3D Laser Scanning Services Used to Examine Tool Artifacts

Replicas Help Researchers

Historical researchers were not always so accepting of the idea of using 3D laser scanning for research. However, over the past several years, they have warmed up to the idea of adopting technology to access more information on historical objects. There are many unique benefits to using 3D laser scanning services, and researchers could no longer ignore how impressive the technology is. 

Combined with 3D printing, the tools have become exceptionally impressive over the last few years. They are both used to scan 18th-century Native American tools and print them to be studied and used. All of this can be seen in the Smithsonian collection. 

Once the process is learned, it is easy to understand how to do it. An artist named Tania Larsson used 3D laser scanning, a CAD program, and 3D printed the designs for her internship at the Smithsonian. She explains the process and the benefits of using this technology for history. 

The process of creating replicas

Most researchers would agree that making exact replicas of artifacts are nearly impossible. Getting something exact takes an enormous amount of time, and it does not always turn out exactly when someone is taking a mold by hand. Using 3D laser scanning services can save a lot of trouble and be much more accurate. 

Tania used photogrammetry, which allowed her to capture details from every single side of an object. It ensured she didn’t miss any microscopic detail. She could layer and thread together the images in the CAD system to gather a complete 3D image. She connected and sent the information to a 3D printer where it could print an almost exact copy.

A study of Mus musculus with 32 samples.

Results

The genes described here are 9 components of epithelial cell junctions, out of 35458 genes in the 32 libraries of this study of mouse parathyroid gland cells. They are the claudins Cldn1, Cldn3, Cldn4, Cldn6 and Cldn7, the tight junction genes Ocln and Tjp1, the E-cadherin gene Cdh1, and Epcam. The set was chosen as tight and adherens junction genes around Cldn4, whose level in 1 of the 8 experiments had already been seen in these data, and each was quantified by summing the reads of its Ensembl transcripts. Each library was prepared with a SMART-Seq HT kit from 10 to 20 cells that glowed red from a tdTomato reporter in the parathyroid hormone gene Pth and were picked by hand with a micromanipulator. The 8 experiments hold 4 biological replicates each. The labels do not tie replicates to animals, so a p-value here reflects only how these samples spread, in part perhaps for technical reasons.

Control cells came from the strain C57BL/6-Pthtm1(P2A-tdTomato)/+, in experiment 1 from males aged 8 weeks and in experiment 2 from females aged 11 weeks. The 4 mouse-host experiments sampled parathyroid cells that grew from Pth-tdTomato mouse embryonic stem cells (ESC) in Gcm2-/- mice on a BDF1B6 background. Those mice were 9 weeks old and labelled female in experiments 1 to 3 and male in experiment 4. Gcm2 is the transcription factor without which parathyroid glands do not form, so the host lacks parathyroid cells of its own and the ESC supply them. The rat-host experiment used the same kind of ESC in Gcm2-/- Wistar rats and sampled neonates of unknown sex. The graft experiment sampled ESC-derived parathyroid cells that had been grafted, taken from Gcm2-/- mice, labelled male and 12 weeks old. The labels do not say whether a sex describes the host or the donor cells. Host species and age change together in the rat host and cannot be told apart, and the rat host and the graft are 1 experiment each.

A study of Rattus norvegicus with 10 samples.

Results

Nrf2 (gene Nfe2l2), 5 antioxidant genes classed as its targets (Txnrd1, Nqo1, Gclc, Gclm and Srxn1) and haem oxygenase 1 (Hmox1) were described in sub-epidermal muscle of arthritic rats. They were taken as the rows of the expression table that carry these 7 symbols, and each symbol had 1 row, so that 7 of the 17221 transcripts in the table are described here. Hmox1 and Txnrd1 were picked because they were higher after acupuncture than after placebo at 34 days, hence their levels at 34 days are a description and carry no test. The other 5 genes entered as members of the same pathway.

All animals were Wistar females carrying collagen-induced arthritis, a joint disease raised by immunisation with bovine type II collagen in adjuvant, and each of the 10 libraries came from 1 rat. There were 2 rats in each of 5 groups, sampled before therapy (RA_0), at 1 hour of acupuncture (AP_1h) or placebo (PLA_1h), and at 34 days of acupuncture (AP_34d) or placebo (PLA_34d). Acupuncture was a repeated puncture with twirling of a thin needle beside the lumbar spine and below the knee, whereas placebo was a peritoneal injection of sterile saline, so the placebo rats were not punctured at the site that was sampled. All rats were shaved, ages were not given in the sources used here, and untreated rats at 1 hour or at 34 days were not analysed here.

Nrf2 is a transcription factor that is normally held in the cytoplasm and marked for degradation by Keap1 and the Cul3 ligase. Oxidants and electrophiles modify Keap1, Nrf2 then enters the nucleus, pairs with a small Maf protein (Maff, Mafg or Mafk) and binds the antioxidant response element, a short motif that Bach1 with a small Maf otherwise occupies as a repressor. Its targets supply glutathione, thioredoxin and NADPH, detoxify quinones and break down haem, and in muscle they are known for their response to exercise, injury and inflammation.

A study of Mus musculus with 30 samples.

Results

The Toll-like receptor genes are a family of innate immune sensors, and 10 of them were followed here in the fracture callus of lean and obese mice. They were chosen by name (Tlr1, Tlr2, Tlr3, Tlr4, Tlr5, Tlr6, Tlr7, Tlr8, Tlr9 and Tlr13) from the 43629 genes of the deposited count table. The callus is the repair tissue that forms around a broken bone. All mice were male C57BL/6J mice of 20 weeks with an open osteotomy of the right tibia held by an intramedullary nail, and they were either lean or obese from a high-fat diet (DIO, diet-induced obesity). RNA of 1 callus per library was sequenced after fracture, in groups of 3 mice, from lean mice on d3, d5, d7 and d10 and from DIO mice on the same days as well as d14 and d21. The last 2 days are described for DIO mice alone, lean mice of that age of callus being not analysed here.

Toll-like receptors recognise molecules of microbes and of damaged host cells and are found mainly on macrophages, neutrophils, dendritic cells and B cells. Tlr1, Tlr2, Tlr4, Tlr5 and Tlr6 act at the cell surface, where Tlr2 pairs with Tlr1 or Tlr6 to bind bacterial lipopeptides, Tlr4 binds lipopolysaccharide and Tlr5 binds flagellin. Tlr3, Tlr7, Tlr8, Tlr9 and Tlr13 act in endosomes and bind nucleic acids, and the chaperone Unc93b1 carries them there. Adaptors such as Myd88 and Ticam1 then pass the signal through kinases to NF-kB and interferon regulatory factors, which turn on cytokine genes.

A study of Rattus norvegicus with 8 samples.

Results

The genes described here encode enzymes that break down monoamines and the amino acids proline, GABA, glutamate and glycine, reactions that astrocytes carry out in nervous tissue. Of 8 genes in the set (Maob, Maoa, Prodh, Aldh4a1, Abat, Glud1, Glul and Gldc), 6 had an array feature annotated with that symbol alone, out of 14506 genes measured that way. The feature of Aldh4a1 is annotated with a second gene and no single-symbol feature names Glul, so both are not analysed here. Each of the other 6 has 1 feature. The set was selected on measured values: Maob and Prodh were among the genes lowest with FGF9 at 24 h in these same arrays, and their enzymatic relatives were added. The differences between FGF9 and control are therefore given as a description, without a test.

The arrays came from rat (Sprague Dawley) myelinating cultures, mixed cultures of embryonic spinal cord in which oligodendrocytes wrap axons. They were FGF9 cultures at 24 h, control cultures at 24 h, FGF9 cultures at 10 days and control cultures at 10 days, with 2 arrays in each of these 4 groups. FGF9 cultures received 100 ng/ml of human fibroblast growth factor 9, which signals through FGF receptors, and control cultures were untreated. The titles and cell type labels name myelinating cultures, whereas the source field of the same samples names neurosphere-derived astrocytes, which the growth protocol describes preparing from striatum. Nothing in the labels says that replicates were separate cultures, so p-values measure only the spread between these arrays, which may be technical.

In many ways, this is better than taking a mold because it does not harm the object being studied. There is no touching the object which helps preserve it for the future. It is a faster and more advanced method than other ways of trying to create a copy. One of the best things about this method is that it is so quick that the artifacts can be sent back home where they belong while the copy can be placed in a museum exhibit. 

How 3D printing works

The CAD software allows for a user to layer the images taken from the scanner. That information gets sent to another computer that reads the data like coordinates. It has arms and a body that moves according to the data. The arms will move, and hot material will come out of the nozzle layer by layer, creating an object. As the material comes out, it will harden, and this is what created the replica. Paired with 3D laser scanning services, it can have extraordinary outcomes. 

Final thoughts

3D laser scanning services are one of the best ways to gather accurate data; pairing it with 3D printing allows that accurate data to be replicated. The pairing is unique and will enable researchers to create more artifacts that will enable guests to interact with museums differently. It will also enable museums to change their exhibits frequently.